What is an RCD, and what does it do?


So we have spoke about the importance of having RCD’s for quite some time now.  However we’ve never explained what an RCD is and how it protects the household.

An RCD stands for Residual Current Device.  It is an essential safety device that automatically cuts off the electricity if there is a problem.  This might sound pretty boring and bog standard, and you might even wonder what the point of having one is.

An RCD is a quick mover.  It detects a problem before you even realise there is one and cuts the power in less than a split second. As an example, if you were mowing your lawn with an electric mower and you accidentally cut through the wire, the RCD would activate and save your life.  If you went out and left your washing machine running and it developed a fault, the RCD could save your home from burning to the ground.

The Merseyside Fire Service attend many call outs due to electrical faults. 231 in 2009, 229 in 2010, 190 in 2011 and 111 up to July 31, 2012.  During this period, the largest proportion – 214 – were as a result of electricity supply, cabling, wiring and plugs, followed by 77 for washing machines and 73 for tumble dryers.  During these years there were the following totals for accidental house fires for those years – 1,390 in 2009, 1,296 in 2010, 1,216 in 2011 and 661 in 2012 (up to July 31, 2012).

Many home owners around Liverpool ask me what the point of an RCD is, especially when fuses and circuit breakers also cut the power if a problem develops.  The fact is an RCD is far more sensitive and will definitely activate in the event of a problem.  A Fuse or circuit breaker is not guaranteed to react fast enough and it might be too late.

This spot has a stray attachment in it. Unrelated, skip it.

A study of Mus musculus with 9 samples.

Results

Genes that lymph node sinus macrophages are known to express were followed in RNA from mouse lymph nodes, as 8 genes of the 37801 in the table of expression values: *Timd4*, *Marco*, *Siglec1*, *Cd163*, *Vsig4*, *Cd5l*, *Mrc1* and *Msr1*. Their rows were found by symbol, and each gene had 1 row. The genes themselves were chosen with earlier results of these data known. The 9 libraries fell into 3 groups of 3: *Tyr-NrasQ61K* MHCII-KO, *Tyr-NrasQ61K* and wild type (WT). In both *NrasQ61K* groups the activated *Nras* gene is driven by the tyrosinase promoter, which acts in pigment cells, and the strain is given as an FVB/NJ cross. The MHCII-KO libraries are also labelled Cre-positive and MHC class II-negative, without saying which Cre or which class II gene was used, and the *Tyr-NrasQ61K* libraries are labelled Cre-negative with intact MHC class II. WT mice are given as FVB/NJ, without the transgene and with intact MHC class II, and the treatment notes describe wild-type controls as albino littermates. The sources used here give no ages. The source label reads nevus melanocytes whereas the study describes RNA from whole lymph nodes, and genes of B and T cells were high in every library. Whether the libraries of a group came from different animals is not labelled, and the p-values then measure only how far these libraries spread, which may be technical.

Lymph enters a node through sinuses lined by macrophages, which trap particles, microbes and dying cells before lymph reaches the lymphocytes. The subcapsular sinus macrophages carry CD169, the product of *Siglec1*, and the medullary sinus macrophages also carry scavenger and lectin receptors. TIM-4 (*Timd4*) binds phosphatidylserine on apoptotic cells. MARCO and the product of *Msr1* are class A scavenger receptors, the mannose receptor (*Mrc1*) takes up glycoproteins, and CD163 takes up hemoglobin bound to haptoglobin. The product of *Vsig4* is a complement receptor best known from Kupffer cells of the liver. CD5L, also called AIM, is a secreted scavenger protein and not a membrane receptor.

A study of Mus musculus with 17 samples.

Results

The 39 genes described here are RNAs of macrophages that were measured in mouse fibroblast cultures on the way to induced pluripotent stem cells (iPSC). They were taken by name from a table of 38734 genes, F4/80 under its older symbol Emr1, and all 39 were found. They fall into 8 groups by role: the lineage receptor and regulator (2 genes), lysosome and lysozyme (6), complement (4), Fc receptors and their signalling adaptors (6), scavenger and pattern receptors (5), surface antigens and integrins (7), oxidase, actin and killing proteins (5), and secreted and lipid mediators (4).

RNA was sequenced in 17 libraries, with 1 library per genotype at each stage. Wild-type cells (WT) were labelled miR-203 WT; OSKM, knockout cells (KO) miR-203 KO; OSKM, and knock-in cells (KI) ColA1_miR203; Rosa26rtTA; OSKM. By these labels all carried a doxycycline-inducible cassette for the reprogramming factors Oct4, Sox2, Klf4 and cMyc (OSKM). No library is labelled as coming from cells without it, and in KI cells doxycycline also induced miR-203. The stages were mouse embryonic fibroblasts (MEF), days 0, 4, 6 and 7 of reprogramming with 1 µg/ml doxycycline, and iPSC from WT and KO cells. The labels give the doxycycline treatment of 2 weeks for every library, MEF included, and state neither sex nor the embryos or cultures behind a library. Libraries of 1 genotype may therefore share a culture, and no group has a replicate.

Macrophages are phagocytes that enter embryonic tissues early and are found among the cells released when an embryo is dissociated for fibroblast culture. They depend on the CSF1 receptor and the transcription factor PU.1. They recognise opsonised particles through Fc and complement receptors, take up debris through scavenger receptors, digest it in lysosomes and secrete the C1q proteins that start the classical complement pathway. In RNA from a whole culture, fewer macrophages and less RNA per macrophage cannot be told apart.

A fixed RCD device has been fitted to virtually all circuits in new or rewired domestic property since July 2008.  If you have one fitted that is great, if you haven’t it is highly recommended that you do so in order to stay electrically safe in your home.

If you have one, it is important that you test them regularly.  They are 97% effective, but in the same vain as you test your fire alarm weekly it is worth getting into the habit of testing your RCD every 3 months.  The effectiveness does of course improve if you test it.  Simply hold the test button for a few seconds and the electricity supply should cut out.  If it does not, then you will need to seek advice from a qualified, registered electrician.

There are also two other types of RCD devices that are found within homes.  These are RCD Sockets and portable RCD’s.  These should be tested each time they are used.  RCD sockets replace standard sockets and provide RCD protection for anyone using electrical equipment plugged into those sockets.  A Portable RCD is plugged into a conventional socket and this then provides RCD protection to the person who plugs their electrical equipment into the socket.  The advantage to these is that they can be moved around and used for riskier jobs such as mowing the lawn.

Remember RCD sockets and portable RCD only provide protection to the person using the appliances plugged into them, it does not protect the whole household.  However, I always say some RCD protection is better than none at all.  I always recommend to my customers around Liverpool that if they do not have the budget to install fixed RCD protection in their home to at least buy a few portable RCD’s to use, particularly in the garden.

An RCD is there to prevent death or serious injury please do use them however you can.

About the Author Scott Fitzsimmons

Scott is the director of STF Electrical Ltd. He is an apprentice trained electrician from Liverpool with over 15 years experience in all aspects of electrical design, installation, maintenance, testing and certification. A member of the IET and the #e5 group, Scott is passionate about quality and safety within the electrical industry.